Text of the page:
Empowering refugees & the urban poor
A bustling, megacity of almost 30 million residents, greater Jakarta is also home to over 6,000 refugees and asylum-seekers and over 7,000 waste pickers living and working on landfills. Due to social and legal barriers, both populations lack access to education, healthcare, and formal employment.
Our work emerged organically in response to these challenges and eventually obtained official NGO status in 2015. We are a vibrant network of almost 100 Indonesians, expatriates, and refugees working together to create educational and economic opportunities for marginalized communities.
Today, Light of Dawn International (in Indonesian: Yayasan Internasional Cahaya Fajar) impacts the lives of over 250 refugees and 300 Indonesian families in greater Jakarta. Our mission is to empower marginalized urban communities, especially those affected by some of the biggest humanitarian issues of the modern era: the movement of displaced peoples, urban migration, and the rising divide between the rich and the poor.
The “Living on Landfills: Indonesians Finding Education & Enterprise” (LIFE) program serves approximately 120 children and 300 families living and working as waste pickers on one of the world’s largest landfills, Bantar Gebang.
LIFE provides preschool classes, after-school tutoring, and university/vocational degree scholarships. The program has also provided school buildings, safe places for children to play, and the area’s first toilets. LIFE operates in 4 communities on the landfill and 2 communities in nearby slum areas.
The goal of this program is to break generational cycles of poverty by empowering the children and youth.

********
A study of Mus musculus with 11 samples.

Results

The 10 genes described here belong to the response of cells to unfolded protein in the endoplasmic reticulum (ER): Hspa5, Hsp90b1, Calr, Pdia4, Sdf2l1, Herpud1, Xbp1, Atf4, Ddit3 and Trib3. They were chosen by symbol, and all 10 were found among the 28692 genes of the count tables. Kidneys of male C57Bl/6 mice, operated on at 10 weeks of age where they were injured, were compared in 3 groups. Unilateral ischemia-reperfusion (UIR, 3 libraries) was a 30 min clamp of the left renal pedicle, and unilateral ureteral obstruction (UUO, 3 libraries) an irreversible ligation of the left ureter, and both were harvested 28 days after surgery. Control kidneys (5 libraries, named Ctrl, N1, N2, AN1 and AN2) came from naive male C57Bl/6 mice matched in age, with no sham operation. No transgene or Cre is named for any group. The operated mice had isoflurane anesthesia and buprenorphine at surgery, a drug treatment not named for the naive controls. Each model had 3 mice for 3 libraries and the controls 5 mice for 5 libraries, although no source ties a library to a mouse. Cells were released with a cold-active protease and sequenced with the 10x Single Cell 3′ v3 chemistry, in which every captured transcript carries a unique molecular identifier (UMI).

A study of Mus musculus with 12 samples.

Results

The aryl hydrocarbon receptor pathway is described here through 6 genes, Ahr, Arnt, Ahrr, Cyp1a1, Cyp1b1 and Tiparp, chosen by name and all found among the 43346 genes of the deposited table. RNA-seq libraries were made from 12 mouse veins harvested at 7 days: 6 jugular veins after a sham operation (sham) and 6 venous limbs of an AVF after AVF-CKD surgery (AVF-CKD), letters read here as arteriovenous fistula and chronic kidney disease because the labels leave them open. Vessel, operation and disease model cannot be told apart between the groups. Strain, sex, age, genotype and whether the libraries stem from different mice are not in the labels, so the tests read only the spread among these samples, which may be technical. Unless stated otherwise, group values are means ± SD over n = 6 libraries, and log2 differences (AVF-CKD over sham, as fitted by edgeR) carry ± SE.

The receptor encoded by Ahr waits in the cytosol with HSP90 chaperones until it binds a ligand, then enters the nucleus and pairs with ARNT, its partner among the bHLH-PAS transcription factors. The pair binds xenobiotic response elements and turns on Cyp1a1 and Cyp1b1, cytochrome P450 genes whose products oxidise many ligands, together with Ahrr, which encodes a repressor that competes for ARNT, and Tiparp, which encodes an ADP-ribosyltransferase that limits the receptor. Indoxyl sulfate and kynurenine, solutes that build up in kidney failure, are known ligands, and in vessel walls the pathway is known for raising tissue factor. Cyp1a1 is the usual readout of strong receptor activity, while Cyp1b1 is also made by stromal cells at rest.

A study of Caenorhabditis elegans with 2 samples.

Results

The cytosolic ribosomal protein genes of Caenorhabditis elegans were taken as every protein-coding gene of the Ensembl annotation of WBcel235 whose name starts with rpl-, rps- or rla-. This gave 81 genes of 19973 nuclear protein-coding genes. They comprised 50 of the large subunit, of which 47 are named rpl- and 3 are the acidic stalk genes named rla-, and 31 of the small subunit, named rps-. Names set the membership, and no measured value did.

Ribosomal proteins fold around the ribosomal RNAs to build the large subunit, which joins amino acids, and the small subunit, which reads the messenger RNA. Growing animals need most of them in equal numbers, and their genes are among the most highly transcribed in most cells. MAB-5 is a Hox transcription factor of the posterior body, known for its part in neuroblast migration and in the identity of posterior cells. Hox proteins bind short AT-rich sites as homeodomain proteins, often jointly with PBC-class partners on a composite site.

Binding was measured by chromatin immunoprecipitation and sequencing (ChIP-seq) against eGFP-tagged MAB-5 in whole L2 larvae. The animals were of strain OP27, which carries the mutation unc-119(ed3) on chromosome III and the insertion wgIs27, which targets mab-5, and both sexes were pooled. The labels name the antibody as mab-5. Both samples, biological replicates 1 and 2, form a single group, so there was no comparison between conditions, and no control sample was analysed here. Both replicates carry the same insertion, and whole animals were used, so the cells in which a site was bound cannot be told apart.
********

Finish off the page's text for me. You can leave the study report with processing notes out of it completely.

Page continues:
Roshan Learning Center is a community-driven program that fills an education gap for asylum seekers and refugees in Jakarta who are unable to attend formal school during their long wait for resettlement.
Roshan now serves 150 students of all ages from preschool to adulthood. Core academic content include Indonesian and English, math/science/computer, and soft skills. We foster a caring community of learners where everyone is welcomed, valued, and held to high standards.
The goals of this program are to increase refugees’ sense of self-worth, cognitive and language skills, and social and emotional well-being, which will enhance future opportunities for academic and employment success.
The Financial Assistance to Asylum Seekers and Refugees (FAAR) program provides basic living costs for food, shelter, and medical needs for asylum seekers and refugees who have no other means of support.
FAAR serves over 60 families, including children under 12. Beneficiaries are encouraged to participate in educational opportunities or community service activities, such as providing child care to other refugees, translating program documents, or teaching refugee children.
The goal of this program is to keep refugees alive and healthy while raising levels of productivity and hope.
Indonesian staff and teachers
refugee managers and teachers
local and international volunteers
Our leadership comes from an international team of men and women who have a shared vision for empowering marginalized urban communities in Jakarta. We include businessmen, educators and education experts, church leaders, and tech experts. We are specialists in our fields who recognize that we have greater value added when we collaborate--with each other and with the people we aim to serve.
Joy Lee, YICF Executive Director
Yusup Lifire, LIFE Program Director
Brandon Baughn, Roshan Program Director
Board of Trustees
Heather Biggar Tomlinson, Chair and Co-founder of Roshan Learning Center
Mike Broomell, Member and Founder of FAAR
Ashley Berryhill, Member and Co-founder of Roshan Learning Center
Anthony C., Member
Jayson Berryhill, Advisor
Would you like to learn more about our work or how to get involved? Connect us using the contact form below. We look forward to hearing from you!